In certain situations, you can eliminate some or all of your student loans through a student loan forgiveness program. Depending on your degree and your current occupation, you may qualify for one of many student loan forgiveness programs. If you're wondering whether you can have your student loans forgiven through your job, ask someone in your human resources department. Here are ways to get your student loans forgiven.
Certain volunteer organizations offer student loan forgiveness in exchange for a certain amount of your time. If you volunteer for AmeriCorps, Peace Corps, or Volunteers in Service to America (VISTA) you can have up to 70% of your student loans forgiven. Visit their websites to find out more information about student loan forgiveness programs.
Become a Full-Time Teacher
If you have a Perkins loan, you can have part of it forgiven by working full-time in a elementary, middle, or junior high school that serves children from low-income families. The more years you teach, the more you can have forgiven. Your local school board will have additional information about which schools in your district offer student loan forgiveness under the National Defense Education Act.
Other states have additional student loan forgiveness programs that allow you to have student loans forgiven in additional situations. About.com College Savings has an extensive list Student Loan Forgiveness Programs for Teachers. You can always contact your loan board of education for information about having your student loans forgiven.
Join the Military
One of the benefits of joining the military is student loan repayment. Currently, the Army, Army National Guard, Air Force, Air Force National Guard, and the Navy offer student loan repayment programs up to $20,000 depending on the branch. Unfortunately, the Marine Corps, Coast Guard, and Air Force Reserves do not offer student loan forgiveness. For more information about military student loan forgiveness, visit About.com US Military's article on Military College Loan Repayment Program.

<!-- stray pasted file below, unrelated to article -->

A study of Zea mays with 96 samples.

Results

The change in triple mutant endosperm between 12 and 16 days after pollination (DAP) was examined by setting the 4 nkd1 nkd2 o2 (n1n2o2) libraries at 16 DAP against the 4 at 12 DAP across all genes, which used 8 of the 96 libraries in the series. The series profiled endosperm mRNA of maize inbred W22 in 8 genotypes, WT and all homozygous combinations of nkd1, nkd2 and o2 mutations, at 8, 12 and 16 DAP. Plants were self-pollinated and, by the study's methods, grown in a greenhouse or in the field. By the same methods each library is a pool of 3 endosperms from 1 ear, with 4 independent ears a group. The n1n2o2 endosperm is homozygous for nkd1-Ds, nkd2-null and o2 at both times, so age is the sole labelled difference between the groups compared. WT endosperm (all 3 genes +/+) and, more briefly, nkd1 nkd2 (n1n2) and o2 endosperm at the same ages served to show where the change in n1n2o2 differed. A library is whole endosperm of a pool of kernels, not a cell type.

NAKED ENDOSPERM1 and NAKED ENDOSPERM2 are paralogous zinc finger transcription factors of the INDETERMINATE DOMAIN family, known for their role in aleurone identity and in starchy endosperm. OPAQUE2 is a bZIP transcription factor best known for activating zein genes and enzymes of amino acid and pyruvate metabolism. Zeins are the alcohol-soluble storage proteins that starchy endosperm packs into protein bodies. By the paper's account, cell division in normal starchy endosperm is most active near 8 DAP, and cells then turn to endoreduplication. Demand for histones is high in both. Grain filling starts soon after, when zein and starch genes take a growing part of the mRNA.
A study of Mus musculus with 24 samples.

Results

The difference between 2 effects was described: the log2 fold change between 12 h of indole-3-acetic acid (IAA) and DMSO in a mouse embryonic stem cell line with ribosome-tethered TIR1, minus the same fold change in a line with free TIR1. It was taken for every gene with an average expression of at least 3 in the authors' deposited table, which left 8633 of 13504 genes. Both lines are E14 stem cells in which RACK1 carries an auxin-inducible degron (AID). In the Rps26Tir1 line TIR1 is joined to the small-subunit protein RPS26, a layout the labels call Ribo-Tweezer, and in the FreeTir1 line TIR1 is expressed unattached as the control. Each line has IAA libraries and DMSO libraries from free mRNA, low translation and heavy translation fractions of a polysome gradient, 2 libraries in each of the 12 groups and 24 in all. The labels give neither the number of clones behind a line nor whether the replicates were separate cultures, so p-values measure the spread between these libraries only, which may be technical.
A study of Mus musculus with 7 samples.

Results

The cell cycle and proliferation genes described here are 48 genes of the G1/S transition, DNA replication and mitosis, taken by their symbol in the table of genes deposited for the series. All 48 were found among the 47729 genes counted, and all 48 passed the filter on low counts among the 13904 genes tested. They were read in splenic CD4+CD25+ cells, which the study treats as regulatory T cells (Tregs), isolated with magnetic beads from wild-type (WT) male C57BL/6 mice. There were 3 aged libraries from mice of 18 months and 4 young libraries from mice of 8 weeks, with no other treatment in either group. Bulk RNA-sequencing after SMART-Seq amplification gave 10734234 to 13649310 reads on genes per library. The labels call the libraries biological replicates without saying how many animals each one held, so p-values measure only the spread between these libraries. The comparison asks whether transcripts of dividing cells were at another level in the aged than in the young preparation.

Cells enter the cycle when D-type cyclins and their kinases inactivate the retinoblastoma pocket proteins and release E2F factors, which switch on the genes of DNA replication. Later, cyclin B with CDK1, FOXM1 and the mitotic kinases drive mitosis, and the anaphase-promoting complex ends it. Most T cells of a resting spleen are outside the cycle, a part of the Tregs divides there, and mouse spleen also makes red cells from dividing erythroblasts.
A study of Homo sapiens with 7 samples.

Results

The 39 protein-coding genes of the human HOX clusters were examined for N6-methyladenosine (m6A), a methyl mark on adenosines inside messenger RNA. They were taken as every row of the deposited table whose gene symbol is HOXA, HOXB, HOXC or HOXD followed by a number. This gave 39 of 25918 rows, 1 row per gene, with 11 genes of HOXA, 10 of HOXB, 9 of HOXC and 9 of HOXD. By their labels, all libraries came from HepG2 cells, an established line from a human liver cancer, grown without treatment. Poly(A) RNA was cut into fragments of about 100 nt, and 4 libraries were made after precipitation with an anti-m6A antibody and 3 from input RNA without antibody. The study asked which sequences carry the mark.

Become a Doctor or Lawyer
Medical and legal professionals can end up with six-figure student loan debt. Fortunately for these Ph.D holders, there are several student loan forgiveness programs that can reduce their student loan burden.
- The National Institutes of Health forgives some student loan debt for medical students who complete certain types of medical research including clinical, medical disparities, and contraception research.
- Certain health professionals can receive up to $50,000 of student loans forgiven through the National Health Service Corps Loan Repayment Program in exchange for two years of volunteer service at a clinic that has a shortage of health professionals. You may be able to receive additional forgiveness for additional service.
- An extensive list of medical student loan forgiveness programs is available at the Association of American Medical Colleges' website.
- Law school graduates may have some of their student loans forgiven by doing some non-profit work. Equal Justice Works has a list of law schools that have a loan repayment assistance program. If your school is on the list, contact your financial aid department to learn how you can have your student loans forgiven.
Wait 25 Years or (20 Years for New Loans)
If you have a federal loan and you're on an income-based repayment (IBR) plan, you can have the balance of your student loan forgiven after 25 years, or 10 years if you work in public service. All Federal student loans are eligible except, student loans in default, Parent PLUS loans, and Parent PLUS consolidation loans. Your monthly student loan payments are capped based on your income and family size. For example, family of 3 with an annual income of $45,000 would only pay $157 a month on an IBR plan. You can apply for IBR by contacting the lender servicing your loan. Loans taken out after July 22, 2014 on the IBR plan will be forgiven after 20 years instead of 25 years. President Obama recently announced plans to speed up that date to 2012. Visit the Federal Student Aid website and IBR Info for more information.
Who Pays for Student Loan Forgiveness
Many people, especially those who've worked hard to repay their loans, oppose student loan forgiveness (at least Federal loans) because it's funded by taxpayers. If the Federal government forgives your student loans, that means taxpayers have paid for your college education. In that sense, it's the same as using government grants to fund your education. Private student loan forgiveness is pretty much nonexistent, but if lenders offered these types of programs, the banks' other customers would end up funding them through fees and interest.
Drawbacks of Student Loan Forgiveness
In certain situations, you're required to report forgiven loans as taxable income. This may increase your tax liability that year and could result in a tax bill when you file in April. Not all student loan forgiveness programs require you to pay taxes on the forgiven debt. Consult your tax preparer for more information.